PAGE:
New issue of Media Trends in the Nordic Countries
Newspaper trends in the Nordic countries, increasing digital media use, and a number of media policy initatives – these are some of the issues covered in the new issue of Nordicom’s newsletter, all with a focus on the Nordic countries.
Media Trends in the Nordic Countries 1-2018 reports on a number of media surveys, research results, media policy issues, etc., in Denmark, Finland, Iceland, Norway and Sweden, including a European outlook. Below are some examples of the content in the April issue.
Newspapers in the Nordic Media Landscape is a new publication from Nordicom. It maps two decades of developments, with trends including losses in newspapers’ circulation but high online ranking; a shift in newspaper reading from print to online; and decreasing total revenues despite growth in digital revenues.
The shift to digital media use, and different generational patterns, is shown in, inter alia, DR's annual report on the use of electronic media in Denmark, a report on the digitization of local media use in Norway, and the first results of the Swedish Media Barometer. Digital media also accounts for a growing share of the households’ media budget (Danish and Swedish studies).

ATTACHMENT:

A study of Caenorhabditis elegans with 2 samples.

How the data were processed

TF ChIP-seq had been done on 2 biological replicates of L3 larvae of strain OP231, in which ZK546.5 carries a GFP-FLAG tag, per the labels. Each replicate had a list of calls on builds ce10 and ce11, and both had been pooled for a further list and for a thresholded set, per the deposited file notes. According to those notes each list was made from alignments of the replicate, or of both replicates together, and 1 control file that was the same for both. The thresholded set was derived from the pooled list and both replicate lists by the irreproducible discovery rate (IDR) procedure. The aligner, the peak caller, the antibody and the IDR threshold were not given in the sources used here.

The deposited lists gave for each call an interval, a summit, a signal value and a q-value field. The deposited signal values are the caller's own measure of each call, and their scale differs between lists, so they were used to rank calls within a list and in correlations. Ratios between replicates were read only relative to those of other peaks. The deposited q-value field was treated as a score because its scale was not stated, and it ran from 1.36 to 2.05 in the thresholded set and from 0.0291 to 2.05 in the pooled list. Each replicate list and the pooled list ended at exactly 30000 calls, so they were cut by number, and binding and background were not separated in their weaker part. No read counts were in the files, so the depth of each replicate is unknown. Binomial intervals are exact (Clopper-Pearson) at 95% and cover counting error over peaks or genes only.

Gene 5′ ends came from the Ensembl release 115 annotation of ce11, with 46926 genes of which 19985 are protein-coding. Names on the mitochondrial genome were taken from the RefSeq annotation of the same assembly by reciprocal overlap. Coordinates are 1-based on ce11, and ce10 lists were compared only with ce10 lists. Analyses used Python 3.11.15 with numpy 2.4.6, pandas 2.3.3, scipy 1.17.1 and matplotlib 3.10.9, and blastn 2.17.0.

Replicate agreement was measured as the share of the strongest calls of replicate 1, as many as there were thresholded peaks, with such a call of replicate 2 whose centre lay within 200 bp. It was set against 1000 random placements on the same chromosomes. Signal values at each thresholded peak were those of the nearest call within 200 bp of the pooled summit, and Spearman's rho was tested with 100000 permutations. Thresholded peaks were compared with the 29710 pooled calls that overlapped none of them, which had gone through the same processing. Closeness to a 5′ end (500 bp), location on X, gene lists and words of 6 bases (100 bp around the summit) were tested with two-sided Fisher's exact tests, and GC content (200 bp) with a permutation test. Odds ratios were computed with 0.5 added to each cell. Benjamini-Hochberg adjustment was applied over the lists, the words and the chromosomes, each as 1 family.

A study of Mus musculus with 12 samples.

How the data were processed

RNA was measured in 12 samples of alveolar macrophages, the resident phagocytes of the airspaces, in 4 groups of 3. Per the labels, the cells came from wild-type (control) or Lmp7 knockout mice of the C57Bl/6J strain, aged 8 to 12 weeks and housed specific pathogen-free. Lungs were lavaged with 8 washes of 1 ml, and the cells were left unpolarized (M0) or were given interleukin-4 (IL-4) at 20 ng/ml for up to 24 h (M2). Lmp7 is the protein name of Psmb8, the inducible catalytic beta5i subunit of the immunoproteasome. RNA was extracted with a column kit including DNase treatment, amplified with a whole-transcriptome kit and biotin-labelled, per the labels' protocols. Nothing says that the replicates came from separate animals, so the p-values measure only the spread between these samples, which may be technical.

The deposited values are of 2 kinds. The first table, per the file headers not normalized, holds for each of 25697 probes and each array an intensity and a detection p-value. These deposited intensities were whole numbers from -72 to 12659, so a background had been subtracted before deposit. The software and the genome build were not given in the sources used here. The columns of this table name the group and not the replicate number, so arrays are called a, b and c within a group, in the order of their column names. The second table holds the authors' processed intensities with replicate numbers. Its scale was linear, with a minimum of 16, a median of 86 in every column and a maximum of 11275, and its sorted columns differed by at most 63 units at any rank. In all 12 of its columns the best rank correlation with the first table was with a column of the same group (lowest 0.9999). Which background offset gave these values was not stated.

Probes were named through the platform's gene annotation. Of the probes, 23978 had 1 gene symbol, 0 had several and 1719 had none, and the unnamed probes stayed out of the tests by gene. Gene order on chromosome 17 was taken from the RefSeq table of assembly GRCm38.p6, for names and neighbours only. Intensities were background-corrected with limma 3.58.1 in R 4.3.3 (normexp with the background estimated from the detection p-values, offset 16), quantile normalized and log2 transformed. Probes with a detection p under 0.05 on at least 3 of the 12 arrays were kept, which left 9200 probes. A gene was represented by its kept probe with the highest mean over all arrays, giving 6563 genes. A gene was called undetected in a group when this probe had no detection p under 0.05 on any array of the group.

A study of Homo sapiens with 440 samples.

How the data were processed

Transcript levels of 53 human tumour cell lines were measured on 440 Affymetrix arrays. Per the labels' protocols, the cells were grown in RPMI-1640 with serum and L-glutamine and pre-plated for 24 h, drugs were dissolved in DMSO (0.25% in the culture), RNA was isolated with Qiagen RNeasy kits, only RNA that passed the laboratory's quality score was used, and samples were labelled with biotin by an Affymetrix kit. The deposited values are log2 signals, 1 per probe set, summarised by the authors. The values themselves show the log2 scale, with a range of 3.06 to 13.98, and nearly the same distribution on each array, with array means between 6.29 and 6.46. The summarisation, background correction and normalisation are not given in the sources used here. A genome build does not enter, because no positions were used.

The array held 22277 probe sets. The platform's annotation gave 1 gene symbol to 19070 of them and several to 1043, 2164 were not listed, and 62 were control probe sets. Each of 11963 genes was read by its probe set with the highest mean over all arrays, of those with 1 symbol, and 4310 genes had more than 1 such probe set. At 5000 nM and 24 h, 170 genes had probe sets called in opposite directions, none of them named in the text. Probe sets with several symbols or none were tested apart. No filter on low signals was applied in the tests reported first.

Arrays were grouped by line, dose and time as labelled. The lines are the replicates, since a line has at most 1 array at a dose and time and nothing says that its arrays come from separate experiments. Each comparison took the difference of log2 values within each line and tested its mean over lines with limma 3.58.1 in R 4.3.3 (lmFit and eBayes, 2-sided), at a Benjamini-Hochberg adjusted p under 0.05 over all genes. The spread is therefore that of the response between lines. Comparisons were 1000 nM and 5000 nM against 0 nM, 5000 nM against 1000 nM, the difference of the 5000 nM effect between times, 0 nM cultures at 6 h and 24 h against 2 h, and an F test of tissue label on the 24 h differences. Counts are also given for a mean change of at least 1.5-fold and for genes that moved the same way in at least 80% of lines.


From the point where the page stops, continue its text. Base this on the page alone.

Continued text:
Trust in the media and concerns about disinformation online are addressed in several studies. In Norway, the study referred to above shows that trust is rooted in traditional media players, while trust in social media networks is low. The Danes are reported to have great trust in Danish news media, and a Eurobarometer survey points at radio, TV and newspapers as the most trusted news sources among EU citizens.
The media industry is a male business. The world’s 100 largest media companies are dominated by men, and the Nordic region is not doing any better, according to a study from Nordicom. In addition, data on Icelandic film shows that women direct only one out of ten Icelandic films, and that in recent years the share of women as directors has even decreased.
Lately, a number of media policy initiatives have been launched in the Nordic region. The Danish Government has presented a proposal for a new media policy, including e.g. reduced funding of public service institutions, while in Norway, a survey by the Media Authority suggests that NRK (public service) contributes to the media diversity. In Finland a group of researchers has presented a report on the state of Finnish media policy, which will serve as the basis for the work on a new national media policy.
Recent publications from Nordicom include topics such as public service in the networked society, freedom of expression in the digital media culture, and young people’s gaming habits.